Outgoing UK prime minister Boris Johnson raised the prospect of leaving office sooner than expected, suggesting his successor could be chosen “by acclamation” rather than in an eight-week contest as planned.
His appearance at Prime Minister’s Questions in the House of Commons on Wednesday had the air of a valedictory outing, as he declared he was “proud” of his leadership and said he would leave with his “head held high.”
Under Conservative Party rules, his successor is not due to be announced until September 5 following a ballot of grassroots members. Based on that timetable, Johnson is expected to have one more session with opposition Labour Party leader Keir Starmer in the House of Commons next week.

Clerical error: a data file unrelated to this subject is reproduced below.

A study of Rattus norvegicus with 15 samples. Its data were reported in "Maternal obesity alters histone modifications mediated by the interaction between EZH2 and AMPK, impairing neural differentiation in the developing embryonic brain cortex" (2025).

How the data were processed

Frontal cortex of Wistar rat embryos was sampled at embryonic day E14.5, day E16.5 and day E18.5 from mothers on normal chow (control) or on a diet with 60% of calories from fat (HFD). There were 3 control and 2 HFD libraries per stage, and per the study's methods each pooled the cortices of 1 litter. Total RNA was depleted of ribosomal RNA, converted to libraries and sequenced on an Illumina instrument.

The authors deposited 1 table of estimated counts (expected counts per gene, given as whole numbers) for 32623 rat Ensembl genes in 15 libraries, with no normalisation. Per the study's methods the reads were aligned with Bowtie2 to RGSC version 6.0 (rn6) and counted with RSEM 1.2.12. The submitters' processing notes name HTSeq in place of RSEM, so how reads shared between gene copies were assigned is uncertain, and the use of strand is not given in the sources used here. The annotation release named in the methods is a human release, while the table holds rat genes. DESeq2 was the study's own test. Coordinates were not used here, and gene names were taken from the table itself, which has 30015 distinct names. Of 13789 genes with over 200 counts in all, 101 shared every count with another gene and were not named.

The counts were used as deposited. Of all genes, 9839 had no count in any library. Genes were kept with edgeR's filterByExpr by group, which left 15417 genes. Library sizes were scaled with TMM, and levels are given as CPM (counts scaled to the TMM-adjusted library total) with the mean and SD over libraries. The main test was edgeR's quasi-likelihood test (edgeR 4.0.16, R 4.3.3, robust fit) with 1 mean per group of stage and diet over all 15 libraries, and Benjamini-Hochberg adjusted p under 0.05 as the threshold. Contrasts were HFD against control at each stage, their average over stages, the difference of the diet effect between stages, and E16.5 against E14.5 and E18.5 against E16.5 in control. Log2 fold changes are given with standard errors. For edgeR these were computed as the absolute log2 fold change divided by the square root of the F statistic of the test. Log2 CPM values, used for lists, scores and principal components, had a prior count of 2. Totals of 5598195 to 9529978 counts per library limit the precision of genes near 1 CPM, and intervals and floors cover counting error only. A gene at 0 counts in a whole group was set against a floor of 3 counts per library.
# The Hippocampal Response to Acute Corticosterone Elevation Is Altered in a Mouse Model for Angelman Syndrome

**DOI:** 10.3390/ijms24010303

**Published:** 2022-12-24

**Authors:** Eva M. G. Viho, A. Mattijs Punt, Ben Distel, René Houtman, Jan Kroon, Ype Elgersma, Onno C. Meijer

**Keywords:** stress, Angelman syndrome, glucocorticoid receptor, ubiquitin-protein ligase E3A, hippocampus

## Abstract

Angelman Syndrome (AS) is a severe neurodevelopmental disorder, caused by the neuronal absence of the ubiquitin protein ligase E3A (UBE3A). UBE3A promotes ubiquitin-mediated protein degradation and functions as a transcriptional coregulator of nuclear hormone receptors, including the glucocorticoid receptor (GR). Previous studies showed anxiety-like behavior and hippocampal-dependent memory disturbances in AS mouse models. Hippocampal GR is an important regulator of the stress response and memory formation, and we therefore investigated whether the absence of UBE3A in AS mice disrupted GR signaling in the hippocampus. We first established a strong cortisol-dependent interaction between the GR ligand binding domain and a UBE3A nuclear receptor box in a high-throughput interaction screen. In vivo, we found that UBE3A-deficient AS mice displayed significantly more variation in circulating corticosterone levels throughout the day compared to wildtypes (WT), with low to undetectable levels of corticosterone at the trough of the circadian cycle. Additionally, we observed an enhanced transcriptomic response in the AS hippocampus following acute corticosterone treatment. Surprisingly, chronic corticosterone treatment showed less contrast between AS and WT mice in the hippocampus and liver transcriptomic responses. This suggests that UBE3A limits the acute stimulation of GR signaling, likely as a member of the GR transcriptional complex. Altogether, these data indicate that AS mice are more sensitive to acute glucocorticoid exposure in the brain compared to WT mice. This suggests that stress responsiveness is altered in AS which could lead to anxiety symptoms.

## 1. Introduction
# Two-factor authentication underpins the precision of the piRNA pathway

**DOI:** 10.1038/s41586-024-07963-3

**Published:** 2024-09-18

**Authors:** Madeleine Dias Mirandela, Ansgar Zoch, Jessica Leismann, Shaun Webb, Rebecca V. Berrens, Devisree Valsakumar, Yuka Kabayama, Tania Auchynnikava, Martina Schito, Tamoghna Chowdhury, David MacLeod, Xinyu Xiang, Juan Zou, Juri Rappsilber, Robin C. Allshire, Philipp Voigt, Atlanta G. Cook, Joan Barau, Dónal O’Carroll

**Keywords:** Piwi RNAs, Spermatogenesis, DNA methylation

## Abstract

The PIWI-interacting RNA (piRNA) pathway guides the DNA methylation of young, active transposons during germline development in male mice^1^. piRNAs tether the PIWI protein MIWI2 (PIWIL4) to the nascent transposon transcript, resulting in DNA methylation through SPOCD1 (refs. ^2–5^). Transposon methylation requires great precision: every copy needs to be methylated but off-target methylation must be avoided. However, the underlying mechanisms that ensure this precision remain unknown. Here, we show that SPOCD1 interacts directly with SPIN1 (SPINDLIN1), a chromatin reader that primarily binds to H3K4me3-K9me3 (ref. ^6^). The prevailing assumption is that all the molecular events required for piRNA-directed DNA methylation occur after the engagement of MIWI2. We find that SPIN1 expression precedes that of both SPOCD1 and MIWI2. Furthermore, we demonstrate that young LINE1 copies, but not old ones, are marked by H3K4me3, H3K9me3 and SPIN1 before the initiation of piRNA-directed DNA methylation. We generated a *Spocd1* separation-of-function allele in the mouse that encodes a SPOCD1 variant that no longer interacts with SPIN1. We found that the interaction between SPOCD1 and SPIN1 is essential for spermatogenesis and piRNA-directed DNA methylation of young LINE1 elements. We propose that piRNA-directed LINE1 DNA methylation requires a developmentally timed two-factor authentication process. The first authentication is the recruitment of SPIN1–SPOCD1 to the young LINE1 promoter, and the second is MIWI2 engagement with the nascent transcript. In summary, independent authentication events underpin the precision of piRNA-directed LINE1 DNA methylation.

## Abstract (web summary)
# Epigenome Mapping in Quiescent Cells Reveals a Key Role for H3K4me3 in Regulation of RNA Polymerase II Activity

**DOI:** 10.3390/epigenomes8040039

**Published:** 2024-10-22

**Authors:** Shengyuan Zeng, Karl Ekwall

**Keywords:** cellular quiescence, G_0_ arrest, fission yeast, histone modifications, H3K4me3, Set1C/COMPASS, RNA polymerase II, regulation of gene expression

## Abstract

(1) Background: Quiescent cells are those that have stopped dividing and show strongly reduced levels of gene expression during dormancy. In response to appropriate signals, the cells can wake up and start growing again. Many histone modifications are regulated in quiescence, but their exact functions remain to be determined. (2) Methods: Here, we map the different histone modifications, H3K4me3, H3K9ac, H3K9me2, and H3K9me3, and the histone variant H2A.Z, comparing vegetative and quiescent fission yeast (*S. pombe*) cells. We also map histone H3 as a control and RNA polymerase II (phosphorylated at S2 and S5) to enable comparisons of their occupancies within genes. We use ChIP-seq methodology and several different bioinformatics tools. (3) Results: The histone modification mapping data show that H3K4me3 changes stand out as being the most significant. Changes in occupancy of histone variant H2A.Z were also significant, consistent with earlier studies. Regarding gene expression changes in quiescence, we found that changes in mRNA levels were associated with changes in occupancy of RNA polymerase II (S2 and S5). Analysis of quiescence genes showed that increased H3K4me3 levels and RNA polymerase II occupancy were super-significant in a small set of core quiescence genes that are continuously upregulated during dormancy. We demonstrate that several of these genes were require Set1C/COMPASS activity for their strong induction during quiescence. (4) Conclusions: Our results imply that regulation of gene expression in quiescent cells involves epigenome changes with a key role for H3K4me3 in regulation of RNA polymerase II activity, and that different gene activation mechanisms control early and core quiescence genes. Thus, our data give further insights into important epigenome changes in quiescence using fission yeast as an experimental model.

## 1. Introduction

But he raised eyebrows by telling Starmer: “The next leader of my party may be elected by acclamation, so it’s possible this will be our last confrontation.”
Johnson’s press secretary later told reporters Johnson is still planning to appear next week. But they could not rule out any foreign travel while he remains prime minister, which could take him out of action.
Eight Conservative leadership candidates are battling it out for Tory MPs’ votes, with results of the first ballot due later on Wednesday. Two finalists are then expected to tour the country as Tory members make their choice.
Johnson’s immediate predecessor, Theresa May, was declared Conservative leader in July 2016 without the vote going to the members, after her fellow finalist Andrea Leadsom withdrew from the race. Critics of the process said that fundamentally weakened May and stored up problems for her premiership.